Four days ago this Matt Zoller Seitz/Stormy Monday video essay (i.e, Kim Morgan reading from Roger Ebert‘s 1988 review) appeared on Indiewire. It’s an intriguing piece — I’d love to see similar video essays about ’70s and ’80s films using Pauline Kael ‘s New Yorker reviews — but Indiewire didn’t supply embed codes so I didn’t repost. This morning it finally appeared on Vimeo with codes.

But to be honest, something was suppressing my interest in this essay to begin with, and in fact had diminished interest when I first saw Stormy Monday 23 years ago. It’s the same thing that kept me from staying with the recently released Criterion Bluray of Something Wild, Jonathan Demme‘s respected dramedy-farce. And to varying degrees has compromised my ability to get into The Milagro Beanfield War, Working Girl, A Stranger Among Us, Nobody’s Fool, Mulholland Falls, Lolita, Celebrity and RKO 281.

That thing is Melanie Griffith. I used to roll with her manner and personality and raspy, pouty, mincing voice, but I just can’t anymore. To me she’s always been the ultimate Hollywood ditzoid. Obviously not the brightest bulb and not well educated. (That Holocaust remark she made in ’92 while promoting Shining Through, about the six million Jews exterminated by the Third Reich in the 1940s being “a lot of people,” will haunt her until the day she dies.) She can ably convey hurt, vulnerability, flirtatiousness, tenderness. But she never seemed to be dealing from a full deck.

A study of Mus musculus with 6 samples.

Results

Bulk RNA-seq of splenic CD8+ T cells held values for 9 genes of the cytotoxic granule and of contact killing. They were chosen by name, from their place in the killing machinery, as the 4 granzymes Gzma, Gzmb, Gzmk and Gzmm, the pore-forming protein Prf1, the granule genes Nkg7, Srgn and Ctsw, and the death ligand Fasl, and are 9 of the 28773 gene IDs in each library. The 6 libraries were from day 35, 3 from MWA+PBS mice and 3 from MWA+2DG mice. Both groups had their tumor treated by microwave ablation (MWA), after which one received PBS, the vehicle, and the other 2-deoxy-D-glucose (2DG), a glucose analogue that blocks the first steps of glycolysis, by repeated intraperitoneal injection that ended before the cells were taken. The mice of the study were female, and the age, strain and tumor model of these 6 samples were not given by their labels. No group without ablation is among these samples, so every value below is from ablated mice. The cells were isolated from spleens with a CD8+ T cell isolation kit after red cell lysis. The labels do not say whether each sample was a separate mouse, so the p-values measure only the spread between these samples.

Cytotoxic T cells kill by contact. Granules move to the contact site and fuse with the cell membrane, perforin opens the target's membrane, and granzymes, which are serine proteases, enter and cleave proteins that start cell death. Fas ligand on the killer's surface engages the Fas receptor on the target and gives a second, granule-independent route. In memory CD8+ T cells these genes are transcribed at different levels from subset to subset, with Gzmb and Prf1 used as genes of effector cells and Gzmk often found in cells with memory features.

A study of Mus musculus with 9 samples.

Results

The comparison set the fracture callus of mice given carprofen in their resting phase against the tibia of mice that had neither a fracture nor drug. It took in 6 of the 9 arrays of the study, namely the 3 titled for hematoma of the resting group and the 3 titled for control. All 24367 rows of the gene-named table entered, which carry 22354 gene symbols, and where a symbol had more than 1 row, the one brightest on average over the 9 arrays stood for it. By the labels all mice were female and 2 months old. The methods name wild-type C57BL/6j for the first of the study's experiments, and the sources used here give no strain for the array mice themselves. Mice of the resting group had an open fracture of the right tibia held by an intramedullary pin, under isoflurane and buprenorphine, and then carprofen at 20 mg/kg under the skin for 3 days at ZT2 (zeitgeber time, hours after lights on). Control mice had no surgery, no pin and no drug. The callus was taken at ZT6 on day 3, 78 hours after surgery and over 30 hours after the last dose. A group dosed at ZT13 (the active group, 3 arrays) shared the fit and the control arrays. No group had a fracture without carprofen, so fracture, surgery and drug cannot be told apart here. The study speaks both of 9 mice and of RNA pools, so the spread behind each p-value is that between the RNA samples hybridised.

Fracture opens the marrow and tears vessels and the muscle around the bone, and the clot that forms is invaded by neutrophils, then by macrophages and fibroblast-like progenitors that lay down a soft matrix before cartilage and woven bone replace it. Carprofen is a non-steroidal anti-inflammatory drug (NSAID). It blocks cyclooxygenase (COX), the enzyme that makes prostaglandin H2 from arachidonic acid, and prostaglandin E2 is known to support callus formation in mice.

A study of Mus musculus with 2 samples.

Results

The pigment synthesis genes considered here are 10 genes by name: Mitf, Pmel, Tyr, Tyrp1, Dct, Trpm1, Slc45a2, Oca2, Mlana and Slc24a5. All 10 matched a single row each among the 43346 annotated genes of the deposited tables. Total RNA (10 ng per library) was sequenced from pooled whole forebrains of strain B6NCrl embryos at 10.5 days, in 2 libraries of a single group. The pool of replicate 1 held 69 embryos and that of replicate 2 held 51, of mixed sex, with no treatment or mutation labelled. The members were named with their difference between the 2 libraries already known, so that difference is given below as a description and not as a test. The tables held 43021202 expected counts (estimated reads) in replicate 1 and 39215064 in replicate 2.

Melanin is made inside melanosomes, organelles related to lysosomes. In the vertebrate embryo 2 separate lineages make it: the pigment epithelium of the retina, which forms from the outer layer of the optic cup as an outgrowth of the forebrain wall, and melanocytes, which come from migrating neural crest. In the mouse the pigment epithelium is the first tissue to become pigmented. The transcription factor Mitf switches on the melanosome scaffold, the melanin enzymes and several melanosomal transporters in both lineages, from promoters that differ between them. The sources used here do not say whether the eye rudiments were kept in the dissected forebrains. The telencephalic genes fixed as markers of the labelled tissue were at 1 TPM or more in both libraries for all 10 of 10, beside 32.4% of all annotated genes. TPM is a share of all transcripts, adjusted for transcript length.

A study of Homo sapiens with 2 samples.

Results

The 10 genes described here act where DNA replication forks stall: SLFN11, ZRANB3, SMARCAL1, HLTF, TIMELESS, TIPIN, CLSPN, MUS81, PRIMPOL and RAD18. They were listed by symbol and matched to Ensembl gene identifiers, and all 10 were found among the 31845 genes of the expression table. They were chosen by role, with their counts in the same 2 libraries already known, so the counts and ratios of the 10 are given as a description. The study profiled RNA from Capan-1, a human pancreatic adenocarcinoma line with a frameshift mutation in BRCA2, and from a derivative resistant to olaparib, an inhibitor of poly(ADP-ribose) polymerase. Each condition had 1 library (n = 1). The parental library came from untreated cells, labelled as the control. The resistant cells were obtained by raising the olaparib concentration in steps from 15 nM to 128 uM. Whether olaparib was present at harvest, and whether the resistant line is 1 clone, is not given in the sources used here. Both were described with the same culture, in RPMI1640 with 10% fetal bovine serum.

The only film in which she doesn’t convey this flaky affected quality is in Arthur Penn‘s Night Moves (’75), made when she was 17.

On top of which the supermarket tabs have been telling us for years about her struggle with this and that personal issue that reflect an unstable, uncertain mentality. Plus she has trout lips.

Griffith is basically why I’ve never re-watched Stormy Monday on DVD. I’ve been a fan of director Mike Figgis and costar Tommy Lee Jones for a long while so there’s a part of me that would like to watch it. But I just can’t. I can’t do Griffith anymore.